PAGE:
The Agile Triangle

I have recently been thinking about this whole concept of Agile, and how to best transition from the “old and tired” to the “new and exciting”.   In other words, how to take the best of what agile has to offer and implement it into our professional, and even personal, lives.

For one, there are clear advantages to embracing the agile mindset, even if all of its tools and approaches may not be applicable.  To be more nimble, personally and organizationally, and facing the inevitable change with an open and ready mind is a survival skill, again personally and professionally.

So I began to think about what’s needed for a person or an organization to become “agile”.  As my thoughts began to take shape, I also came upon the need to convey the concept to my project management students.  In preparation for the class, I finally came up with a model that I think works well.  And so, an Agile Triangle was born.

The Agile Triangle

Agile triangle

The way I see it, you need three things to be agile – Agile Team, Agile Customers, and Agile Situation.  The reason why the triangle works for me is that it’s reminiscent of the PM’s triple constraint triangle – I see it working in roughly the same way.

The Agile Team

What I am essentially saying here is that for an agile environment, the project team must have an agile mindset.  In broad strokes, it means they should be open to change.  Getting down to the team level, that may mean different things and different tools may be used to achieve that agility, but at its core, the team must display the qualities, and reflect the values, of agile manifesto.

This also works for personal agility – whatever qualities an agile team possesses, they can also be applicable to an individual.  In fact, if the individuals within the team are not agile, the team will likely suffer from low agility.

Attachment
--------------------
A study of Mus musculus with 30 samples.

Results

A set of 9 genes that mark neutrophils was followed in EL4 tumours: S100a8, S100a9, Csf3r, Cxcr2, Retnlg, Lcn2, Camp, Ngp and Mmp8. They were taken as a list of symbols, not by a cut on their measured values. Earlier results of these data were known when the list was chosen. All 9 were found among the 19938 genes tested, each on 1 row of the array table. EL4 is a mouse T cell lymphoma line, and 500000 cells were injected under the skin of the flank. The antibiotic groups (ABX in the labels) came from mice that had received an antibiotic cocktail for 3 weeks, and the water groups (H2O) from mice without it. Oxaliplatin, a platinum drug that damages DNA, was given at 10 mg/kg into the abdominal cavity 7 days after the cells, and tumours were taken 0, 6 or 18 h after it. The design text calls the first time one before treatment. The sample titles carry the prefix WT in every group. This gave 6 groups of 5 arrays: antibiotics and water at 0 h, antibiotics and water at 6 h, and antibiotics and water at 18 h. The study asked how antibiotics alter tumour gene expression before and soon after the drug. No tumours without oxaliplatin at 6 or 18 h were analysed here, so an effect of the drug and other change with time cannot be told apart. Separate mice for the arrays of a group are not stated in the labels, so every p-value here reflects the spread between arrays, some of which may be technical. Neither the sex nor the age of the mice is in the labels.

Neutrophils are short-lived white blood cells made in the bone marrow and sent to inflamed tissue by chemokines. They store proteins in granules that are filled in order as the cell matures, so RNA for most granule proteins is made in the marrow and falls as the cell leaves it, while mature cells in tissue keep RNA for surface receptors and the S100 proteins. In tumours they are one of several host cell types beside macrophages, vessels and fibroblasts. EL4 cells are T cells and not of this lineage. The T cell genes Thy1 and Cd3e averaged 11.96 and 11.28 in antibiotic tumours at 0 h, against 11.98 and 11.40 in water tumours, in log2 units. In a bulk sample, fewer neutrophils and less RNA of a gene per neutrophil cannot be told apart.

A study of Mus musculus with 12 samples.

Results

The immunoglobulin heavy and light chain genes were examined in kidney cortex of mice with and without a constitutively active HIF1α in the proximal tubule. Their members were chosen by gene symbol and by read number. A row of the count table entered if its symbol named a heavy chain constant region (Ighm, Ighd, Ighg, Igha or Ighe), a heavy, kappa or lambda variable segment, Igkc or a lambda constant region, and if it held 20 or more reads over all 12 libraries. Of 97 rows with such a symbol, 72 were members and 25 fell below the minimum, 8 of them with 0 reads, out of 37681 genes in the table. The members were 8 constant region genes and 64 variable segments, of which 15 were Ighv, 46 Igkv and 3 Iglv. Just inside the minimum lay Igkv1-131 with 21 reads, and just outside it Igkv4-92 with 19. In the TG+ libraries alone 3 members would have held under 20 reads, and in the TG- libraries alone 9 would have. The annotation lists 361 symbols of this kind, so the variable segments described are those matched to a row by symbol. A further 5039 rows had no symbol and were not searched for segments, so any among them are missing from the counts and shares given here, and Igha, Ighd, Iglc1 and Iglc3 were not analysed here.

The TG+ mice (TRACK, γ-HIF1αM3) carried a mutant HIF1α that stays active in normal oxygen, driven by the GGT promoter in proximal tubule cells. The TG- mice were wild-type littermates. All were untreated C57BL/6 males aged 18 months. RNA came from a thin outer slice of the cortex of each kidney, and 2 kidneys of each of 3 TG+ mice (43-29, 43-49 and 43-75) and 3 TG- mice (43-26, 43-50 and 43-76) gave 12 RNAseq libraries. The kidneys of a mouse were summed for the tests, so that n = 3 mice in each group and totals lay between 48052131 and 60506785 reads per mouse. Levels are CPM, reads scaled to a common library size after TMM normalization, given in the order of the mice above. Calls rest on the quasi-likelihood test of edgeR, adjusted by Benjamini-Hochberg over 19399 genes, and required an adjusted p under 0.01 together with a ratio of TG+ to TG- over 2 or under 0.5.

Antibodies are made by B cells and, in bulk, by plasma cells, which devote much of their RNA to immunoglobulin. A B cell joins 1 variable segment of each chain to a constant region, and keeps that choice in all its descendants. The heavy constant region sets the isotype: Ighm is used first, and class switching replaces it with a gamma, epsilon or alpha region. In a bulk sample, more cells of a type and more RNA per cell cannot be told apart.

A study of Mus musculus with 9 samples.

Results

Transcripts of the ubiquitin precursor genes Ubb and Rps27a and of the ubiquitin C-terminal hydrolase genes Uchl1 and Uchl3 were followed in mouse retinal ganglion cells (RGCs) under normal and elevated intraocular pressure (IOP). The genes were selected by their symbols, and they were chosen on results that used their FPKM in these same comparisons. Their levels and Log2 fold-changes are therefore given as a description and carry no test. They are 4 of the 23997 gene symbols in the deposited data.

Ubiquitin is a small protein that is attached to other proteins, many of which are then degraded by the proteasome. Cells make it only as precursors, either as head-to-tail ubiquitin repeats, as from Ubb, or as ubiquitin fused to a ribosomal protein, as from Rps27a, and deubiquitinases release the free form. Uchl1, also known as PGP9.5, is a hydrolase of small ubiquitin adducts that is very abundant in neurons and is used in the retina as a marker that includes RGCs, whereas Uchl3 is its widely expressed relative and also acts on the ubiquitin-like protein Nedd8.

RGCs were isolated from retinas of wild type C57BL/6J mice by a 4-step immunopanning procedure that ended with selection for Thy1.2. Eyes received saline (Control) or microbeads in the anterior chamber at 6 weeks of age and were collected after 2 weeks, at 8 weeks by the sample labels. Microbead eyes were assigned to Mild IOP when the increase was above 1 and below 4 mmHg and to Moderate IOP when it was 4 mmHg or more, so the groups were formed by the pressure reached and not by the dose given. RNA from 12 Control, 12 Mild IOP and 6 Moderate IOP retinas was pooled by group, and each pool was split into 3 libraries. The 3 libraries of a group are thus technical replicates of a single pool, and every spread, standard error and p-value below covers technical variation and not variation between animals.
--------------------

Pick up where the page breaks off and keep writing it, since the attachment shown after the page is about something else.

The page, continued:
The Agile Customers

This one is easy to understand, but for most teams, I find, is the one considered most difficult to achieve.  It essentially means that the customer must also have an agile mindset, and most importantly be willing to work with the team in an agile way.

The Agile Situation

I have been going back and forth with this, not knowing if I wanted to call this situation, or solution base, but what I am essentially saying here is that the thing you are engaged in must be agile-friendly.  That means the project must be agile-friendly (how do you organize an event in an agile way?), the tools you have must be agile friendly (sculpting a statue from 100 ft piece of granite is probably not going to give you much agility), and so on.

Triple Constraint

Much like the PM’s triple constraint triangle, I believe this triangle works in exactly the same way – if one of the areas of the triangle is less agile, then at least one other area, and possibly two, will have to be more agile to make up for it.

While I continue to refine this model, what do you think about it?  Like, no like, hmm, meh, etc?




About Vadim

I'd like to have something really impressive to say here, but it's just not in the cards. Maybe later.